September 13, 2013

Member of Parliament (MP) for Tumu in the Upper West Region, Ms Alijata Sulemana, has called for a more concerted effort by all stakeholders to eliminate Female Genital Mutilation (FGM) in the country.

She said FGM continued to cause serious havoc to the lives of many married women, who were either losing their marriages or were experiencing stalled marriages due to their inability to meet their conjugal obligations.

In an interview with the Ghana News Agency (GNA) on the sidelines of a workshop held in Accra, Ms Sulemana said being a victim of FGM herself, she had been encountering many marital challenges right through child-birth as well as meeting her conjugal rights as a wife, adding that she was more prepared to openly join the campaign to eliminate the practice in Ghana.

“I even wanted to give birth to five children but had to stop at three because of the many serious complications and pains I go through during delivery,” she told the GNA.

“FGM is never a good thing, it breaks homes – the most sensitive thing that will make a woman have sexual contact with her husband is taken out during the FGM process,” the MP said.

Madam Sulemana said all efforts must, therefore, be put in place to ensure that the practice was eliminated totally from the society, adding that various educational and social awareness programmes should be embarked upon to sensitize the people on the dangers and harmful effects of FGM on women.

FGM has been described as the most dangerous and degrading surgical procedure that women and girls are made to endure in the name of tradition, which unfortunately has been on the increase in the three northern regions and the Brong Ahafo Region as well as some Zongo communities in urban centres.

The current prevalence rate of FGM in Ghana is four per cent, a UNICEF Multiple Indicator Cluster Survey 2011 has revealed.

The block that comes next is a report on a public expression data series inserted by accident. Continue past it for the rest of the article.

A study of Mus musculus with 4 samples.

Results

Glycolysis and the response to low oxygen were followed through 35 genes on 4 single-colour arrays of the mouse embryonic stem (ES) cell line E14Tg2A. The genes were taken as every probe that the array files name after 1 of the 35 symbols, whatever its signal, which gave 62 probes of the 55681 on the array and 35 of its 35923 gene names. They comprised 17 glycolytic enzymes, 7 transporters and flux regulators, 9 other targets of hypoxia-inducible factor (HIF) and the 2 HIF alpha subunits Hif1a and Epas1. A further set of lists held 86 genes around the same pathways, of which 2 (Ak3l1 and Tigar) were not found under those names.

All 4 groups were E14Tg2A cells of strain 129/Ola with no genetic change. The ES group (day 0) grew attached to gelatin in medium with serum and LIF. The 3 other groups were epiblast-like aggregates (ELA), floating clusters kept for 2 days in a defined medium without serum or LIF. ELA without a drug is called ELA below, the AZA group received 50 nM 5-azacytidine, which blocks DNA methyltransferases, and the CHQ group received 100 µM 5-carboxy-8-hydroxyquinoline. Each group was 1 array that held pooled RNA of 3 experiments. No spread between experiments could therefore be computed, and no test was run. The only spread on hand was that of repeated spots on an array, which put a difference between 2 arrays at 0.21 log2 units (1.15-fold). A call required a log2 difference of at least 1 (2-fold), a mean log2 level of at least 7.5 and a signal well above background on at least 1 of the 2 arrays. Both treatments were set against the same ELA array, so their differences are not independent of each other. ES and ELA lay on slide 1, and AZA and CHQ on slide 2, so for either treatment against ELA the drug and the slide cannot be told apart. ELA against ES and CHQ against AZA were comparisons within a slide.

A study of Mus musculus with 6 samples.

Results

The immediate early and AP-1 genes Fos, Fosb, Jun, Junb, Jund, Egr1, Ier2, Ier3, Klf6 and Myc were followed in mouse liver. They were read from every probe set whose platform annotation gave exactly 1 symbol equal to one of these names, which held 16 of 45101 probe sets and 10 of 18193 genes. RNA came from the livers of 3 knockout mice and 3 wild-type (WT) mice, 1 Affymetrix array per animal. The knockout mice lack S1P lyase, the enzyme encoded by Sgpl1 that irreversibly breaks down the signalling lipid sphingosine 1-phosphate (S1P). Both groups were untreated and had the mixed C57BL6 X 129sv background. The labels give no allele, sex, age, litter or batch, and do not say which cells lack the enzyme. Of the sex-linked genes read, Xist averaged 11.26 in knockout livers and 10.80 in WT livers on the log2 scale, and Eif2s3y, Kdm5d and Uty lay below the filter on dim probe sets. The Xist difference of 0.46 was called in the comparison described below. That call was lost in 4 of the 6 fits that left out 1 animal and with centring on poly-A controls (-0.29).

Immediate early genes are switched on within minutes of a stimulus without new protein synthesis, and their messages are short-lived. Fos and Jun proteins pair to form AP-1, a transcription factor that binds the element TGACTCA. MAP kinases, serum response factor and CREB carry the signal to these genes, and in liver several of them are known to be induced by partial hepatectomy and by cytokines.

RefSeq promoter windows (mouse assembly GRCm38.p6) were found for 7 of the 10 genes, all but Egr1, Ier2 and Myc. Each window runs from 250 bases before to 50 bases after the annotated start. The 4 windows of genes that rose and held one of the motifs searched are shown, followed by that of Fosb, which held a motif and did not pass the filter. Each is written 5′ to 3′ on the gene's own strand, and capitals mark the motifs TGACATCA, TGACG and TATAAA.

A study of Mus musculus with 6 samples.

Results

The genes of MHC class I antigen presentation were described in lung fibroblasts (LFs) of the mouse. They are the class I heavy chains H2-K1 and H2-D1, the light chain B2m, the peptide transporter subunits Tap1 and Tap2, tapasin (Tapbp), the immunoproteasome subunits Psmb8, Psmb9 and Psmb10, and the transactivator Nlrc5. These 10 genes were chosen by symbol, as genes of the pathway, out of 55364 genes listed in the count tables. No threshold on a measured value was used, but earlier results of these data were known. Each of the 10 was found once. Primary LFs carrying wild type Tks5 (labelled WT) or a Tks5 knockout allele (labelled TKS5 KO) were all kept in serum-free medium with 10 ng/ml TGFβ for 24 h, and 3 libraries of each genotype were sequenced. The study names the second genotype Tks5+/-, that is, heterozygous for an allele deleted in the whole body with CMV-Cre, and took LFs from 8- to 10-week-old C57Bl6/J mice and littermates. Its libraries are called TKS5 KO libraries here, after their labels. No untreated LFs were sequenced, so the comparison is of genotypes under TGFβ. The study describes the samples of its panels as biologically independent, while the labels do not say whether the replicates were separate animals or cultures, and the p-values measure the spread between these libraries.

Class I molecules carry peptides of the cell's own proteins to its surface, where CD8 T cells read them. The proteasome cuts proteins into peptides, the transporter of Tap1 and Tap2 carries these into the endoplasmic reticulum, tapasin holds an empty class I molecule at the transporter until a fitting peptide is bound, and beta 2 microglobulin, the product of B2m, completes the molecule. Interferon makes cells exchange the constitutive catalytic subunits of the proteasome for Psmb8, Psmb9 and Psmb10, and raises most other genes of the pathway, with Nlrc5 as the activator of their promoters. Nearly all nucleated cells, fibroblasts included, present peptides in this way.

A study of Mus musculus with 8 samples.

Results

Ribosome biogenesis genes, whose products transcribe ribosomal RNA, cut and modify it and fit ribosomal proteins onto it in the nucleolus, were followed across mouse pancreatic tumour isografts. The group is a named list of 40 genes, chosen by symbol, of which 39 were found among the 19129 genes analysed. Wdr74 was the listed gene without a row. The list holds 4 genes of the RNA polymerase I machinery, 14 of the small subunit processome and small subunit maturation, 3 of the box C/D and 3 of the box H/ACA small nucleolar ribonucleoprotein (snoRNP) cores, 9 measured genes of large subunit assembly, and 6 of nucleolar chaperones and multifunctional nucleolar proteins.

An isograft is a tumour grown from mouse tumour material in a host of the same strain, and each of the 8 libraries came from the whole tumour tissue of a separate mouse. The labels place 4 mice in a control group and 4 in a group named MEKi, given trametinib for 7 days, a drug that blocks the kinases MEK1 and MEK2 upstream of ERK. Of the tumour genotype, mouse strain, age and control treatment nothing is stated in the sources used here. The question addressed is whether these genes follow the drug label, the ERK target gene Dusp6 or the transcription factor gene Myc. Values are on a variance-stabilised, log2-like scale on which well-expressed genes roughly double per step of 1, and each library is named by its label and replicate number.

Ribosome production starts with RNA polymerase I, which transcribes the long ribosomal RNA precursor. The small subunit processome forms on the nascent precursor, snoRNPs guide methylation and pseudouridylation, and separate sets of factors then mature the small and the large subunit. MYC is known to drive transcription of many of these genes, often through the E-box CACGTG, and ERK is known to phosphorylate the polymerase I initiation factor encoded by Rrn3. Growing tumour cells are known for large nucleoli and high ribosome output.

In 2007, the MICS puts FGM at 3.8 per cent for women between 15 and 49 years.

The procedure of FGM is done in three various forms with the first type called clitoridectomy and involves the excision of the clitoris. The second type known as excision is where the clitoral hood, the clitoris itself and the labia minora are removed altogether.

The third known as infibulations or pharonic type involves the total removal of the clitoris, the hood, the labia minora and the labia majora so as to expose flesh for the stitching together of two sides of the vulva to cover the urethra and the entrance of the vagina.

While the first two types are widely practiced in several African countries including Ghana, Guinea, Senegal, Sierra Leone, Mali, Burkina Faso Ethiopia, Egypt and Kenya, the infibulations is practiced in few north-eastern states of Nigeria.

In some practicing communities, FGM is performed in the first two weeks after birth, before the third month; between four and ten years; during adolescence or before marriage.

Some also do it during woman’s first pregnancy and even just before women were delivered of their first babies

Mrs Afua Ansre, Representative of United Nations Women, said FGM had no medical reasons but unfortunately, 18 per cent of FGM were performed by medical doctors in some countries.

She said the practice, a deep–rooted tradition, was a human right issue against girls and women, therefore, the 2012 United Nations Resolution 67/146 on FGM entitled: “Intensifying global efforts for the elimination of Female Genital Mutilation” has come to mandate all countries to put in measures at eliminating the practices.

The Resolution urges member countries to condemn all harmful practices that affect women and girls, in particular FGM, and to take the necessary measures including enforcing legislation, advocacy, awareness raising and especially, allocating sufficient resources to the implementation of policies and programmes aimed at eliminating FGM by engaging all parts of society.

Mrs Ansre said instead of the myth that FGM prepared the woman for marriage and childbirth, it rather caused severe pain, bleeding, urinary detention and open sour that placed life time consequences on the victims, thereby increasing risk of childbearing complications.

Ghana’s Criminal Code Amendment Act 2007 Act 741, according to Mrs Benita Okity-Duah, Deputy Minister of Gender, Children and Social Protection, has comprehensive provisions that deal with FGM with enhanced penalties to deal with perpetrators of the practice.

However, she said, the law needed to be implemented to the letter by all stakeholders, including the police and, especially, traditional leaders, who are the custodians of customs and traditions, to ensure that all outmoded customs are eliminated.

Intensive education and awareness creation, she added, were also needed to expose the harm FGM to womankind.